Multipurpose Prevention Technologies: Technology Landscape and Potential for Low- and Middle-Income Countries
- Bethany Young Holt, PhD, MPH
- Susanna Moore; Joseph Romano; Ariane van der Straten
Multipurpose Prevention Technologies (MPTs) are safe, effective, accessible, and acceptable tools that combine prevention of at least two sexual and reproductive health risks, like HIV, other STIs and unintended pregnancy. They can include gels, rings, pills, patches and more. Taken to scale, MPTs have the potential to transform and revolutionize sexual and reproductive health, access and care for women, girls and other priority populations around the world—offering people-centered services, community-tailored responses, solutions that overcome stigma, and integrated approaches that address complementary needs.
This comprehensive review—the first of its kind to focus on MPTs—takes a deep dive into the technology landscape of MPTs currently in development. Integrating end-user perspectives as well as insight from nearly 30 leading stakeholders in contraception, HIV, and STIs across the globe, the report also explores the pathway to introduction and scalability of MPTs in low- and middle-income countries, along with the current public health, regulatory and technical challenges. It was prepared by the Initiative for Multipurpose Prevention Technologies (IMPT) Secretariat for Unitaid and the Children’s Investment Fund Foundation. The IMPT is a project of PHI’s CAMI Health.Read the report
In 2020, there were 1.5 million new HIV infections, a disproportionate burden of which was borne by vulnerable populations such as adolescent girls and young women in Sub-Saharan Africa. In addition, there were 374 million new cases of curable sexually transmitted infections (STIs) globally. And, still today, over 200 million women of reproductive age in low- and middle-income countries (L/MICs) have an unmet need for contraception.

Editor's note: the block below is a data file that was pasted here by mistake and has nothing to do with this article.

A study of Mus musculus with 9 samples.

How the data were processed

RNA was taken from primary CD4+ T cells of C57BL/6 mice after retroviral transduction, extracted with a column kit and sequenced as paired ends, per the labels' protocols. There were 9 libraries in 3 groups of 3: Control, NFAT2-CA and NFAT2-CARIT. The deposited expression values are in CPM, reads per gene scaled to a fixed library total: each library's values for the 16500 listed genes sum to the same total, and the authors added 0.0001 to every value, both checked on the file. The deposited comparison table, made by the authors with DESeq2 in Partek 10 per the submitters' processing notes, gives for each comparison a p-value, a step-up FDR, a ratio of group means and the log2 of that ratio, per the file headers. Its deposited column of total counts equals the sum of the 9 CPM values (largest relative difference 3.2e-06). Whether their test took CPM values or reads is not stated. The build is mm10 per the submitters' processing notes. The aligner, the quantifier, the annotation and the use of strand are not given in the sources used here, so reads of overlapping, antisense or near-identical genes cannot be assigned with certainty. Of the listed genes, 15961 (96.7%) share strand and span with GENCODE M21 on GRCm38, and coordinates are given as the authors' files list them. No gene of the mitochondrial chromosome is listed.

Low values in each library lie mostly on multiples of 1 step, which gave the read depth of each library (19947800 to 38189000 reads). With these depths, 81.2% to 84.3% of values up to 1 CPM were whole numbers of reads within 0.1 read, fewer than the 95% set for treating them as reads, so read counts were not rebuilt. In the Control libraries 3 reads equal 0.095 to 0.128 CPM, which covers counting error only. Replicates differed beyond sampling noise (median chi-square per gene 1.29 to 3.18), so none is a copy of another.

Globally, there is a prevailing preference for MPTs over single indication products across populations and geographies, with as many as 96% of women surveyed in parts of sub-Saharan Africa indicating their preference for MPTs. Preferences for specific product attributes, such as delivery form and duration of protection, vary widely across settings and populations. It is critical to engage communities in order to advance a robust pipeline of MPTs that enable end-users to choose the method that best suits their needs.
Despite widespread support and demand, funding is limited. Strategic investments are needed in order to ensure the most promising MPT candidates are accessible, affordable and fit-for-purpose in order to reach the people who need them most. Funders, researchers, developers, communities and other partners must work together to optimize use of technical capacities, enhance collaboration, leverage additional resources, support prioritization according to needs in L/MICs, and add rigor to the development process required to advance the most promising products
“Empowering women to choose if and when they have children and enabling vulnerable populations to prevent morbidity and mortality caused by STIs and HIV is fundamental to human rights and gender equality. By improving sexual and reproductive health outcomes, MPTs also have the power to improve women’s ability to pursue and attain their educational and economic goals, contributing to the advancement of their families and communities more broadly.”